November 15, 2007
Robert Redford’s Lions for Lambs, the first film Redford has directed in nearly a decade, arrived in theaters last week amid a sea of movies concerned with Iraq and the war on terror. The film’s star power should set it apart from the others: Robert Redford, Meryl Streep, and Tom Cruise elevate every scene, and Redford’s direction provides the movie with much-needed momentum. But Matthew Carnahan’s screenplay is unsalvageable. His desire for the film to be politically relevant is overwhelmed by his efforts to appear unbiased. Those who see Lions for Lambs may be looking for inspiration and reassurance in the midst of our depressing political scene, but they’ll come away disappointed by its reliance on vague generalities and its utter lack of insight.
Redford’s film isn’t a cinematic meditation on post-traumatic stress disorder like In the Valley of Elah, or an anti-torture warning &gravea; la Rendition. Instead, Lions for Lambs takes a broader look at three places where the effects of U.S. foreign policy are being felt–the American university, the federal government, and the military. Clocking in at 88 minutes and dividing its attention among three narratives, the film dilutes its message to the point that it’s indiscernible. What little ground Lions for Lambs manages to cover resembles the oversimplified talking points the film itself condemns. “Do you want to win the war on terror–yes or no?” asks Senator Jasper Irving (Tom Cruise). “Why did we invade a country that didn’t attack us?” responds reporter Janine Roth (Meryl Streep). The rest of the film continues in this fashion, substituting easy, digestible slogans for thoughtful debate, and leaving unanswered all the questions it raises.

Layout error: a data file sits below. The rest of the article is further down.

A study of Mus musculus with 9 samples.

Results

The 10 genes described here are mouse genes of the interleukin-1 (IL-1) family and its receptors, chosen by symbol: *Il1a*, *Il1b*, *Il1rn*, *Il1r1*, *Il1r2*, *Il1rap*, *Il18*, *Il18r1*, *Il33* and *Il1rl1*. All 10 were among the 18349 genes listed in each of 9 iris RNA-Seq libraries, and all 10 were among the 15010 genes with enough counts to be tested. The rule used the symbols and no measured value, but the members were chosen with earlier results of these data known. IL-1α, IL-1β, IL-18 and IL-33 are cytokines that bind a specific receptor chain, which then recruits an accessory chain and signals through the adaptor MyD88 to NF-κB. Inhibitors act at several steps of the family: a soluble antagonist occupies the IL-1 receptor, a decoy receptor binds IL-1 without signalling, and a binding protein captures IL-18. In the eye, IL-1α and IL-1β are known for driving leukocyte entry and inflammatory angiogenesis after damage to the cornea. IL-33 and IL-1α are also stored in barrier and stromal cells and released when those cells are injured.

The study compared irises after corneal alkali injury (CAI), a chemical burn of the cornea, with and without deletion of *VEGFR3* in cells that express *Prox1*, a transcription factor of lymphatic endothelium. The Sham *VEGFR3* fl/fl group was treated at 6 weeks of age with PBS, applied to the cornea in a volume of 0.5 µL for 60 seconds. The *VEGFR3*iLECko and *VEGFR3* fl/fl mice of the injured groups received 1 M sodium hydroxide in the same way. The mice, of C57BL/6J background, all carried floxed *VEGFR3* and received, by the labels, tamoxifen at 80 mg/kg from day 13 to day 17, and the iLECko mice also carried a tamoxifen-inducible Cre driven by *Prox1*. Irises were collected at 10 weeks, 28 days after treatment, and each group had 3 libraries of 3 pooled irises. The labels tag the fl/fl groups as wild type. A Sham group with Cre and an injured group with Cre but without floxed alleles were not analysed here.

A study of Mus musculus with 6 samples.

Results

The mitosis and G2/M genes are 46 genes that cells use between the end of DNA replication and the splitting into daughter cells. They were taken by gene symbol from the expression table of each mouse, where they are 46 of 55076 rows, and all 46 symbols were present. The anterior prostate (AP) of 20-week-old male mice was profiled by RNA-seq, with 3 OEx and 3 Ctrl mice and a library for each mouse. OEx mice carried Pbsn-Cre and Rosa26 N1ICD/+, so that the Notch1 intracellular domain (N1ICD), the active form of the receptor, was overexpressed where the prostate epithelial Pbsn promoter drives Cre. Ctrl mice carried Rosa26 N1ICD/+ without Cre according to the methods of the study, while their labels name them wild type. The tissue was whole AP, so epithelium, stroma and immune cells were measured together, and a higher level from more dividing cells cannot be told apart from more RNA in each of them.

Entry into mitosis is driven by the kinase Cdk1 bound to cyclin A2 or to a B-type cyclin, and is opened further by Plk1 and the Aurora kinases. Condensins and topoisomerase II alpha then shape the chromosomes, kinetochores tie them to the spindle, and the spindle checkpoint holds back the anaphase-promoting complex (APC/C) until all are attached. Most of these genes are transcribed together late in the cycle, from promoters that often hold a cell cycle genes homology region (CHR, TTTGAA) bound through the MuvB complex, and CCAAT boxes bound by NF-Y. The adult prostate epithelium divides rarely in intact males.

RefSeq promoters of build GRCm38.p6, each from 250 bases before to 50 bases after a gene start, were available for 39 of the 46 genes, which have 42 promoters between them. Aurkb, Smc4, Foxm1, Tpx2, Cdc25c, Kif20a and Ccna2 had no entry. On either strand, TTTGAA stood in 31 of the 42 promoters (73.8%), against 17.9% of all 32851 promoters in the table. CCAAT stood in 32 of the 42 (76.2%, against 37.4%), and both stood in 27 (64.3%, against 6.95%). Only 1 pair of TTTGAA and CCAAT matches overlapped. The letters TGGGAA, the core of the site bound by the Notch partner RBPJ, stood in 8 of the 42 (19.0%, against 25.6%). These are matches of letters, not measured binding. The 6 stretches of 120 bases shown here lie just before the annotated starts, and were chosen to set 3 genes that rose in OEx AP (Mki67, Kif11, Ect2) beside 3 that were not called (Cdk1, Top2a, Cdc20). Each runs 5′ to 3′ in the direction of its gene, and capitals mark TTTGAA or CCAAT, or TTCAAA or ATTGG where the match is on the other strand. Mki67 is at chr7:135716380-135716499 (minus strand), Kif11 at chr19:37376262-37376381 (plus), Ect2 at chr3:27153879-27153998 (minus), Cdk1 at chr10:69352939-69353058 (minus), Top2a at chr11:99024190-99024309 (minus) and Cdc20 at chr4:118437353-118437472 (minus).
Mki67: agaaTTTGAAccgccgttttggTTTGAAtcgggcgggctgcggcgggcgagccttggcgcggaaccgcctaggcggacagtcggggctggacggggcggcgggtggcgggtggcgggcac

In the film’s first narrative, Roth is working on a “detailed timeline of the war on terror” in Washington, D.C. She sets up a meeting with Senator Irving to interview him for the timeline, but the ambitious young Republican has other plans. Roth offers her an exclusive story on his new strategy for the United States to win the war in Afghanistan.
For all the passionate debate between these two characters, the details of Irving’s new plan are never made clear beyond a spattering of military jargon. This doesn’t really matter to the plot, of course. Irving’s plan isn’t important in itself. It’s simply a catalyst for Roth to storm off and dramatically declare to her editor that she refuses to break the story as Irving tells it. The editor unceremoniously reminds Roth that she’s on thin ice with the network’s management, and she does some dramatic D.C. sightseeing while deciding if Irving’s flaky politicking is worth jeopardizing her career. These scenes are so disconnected from Irving and Roth’s spirited debate that by the end of the film it’s hard to care about either of their careers.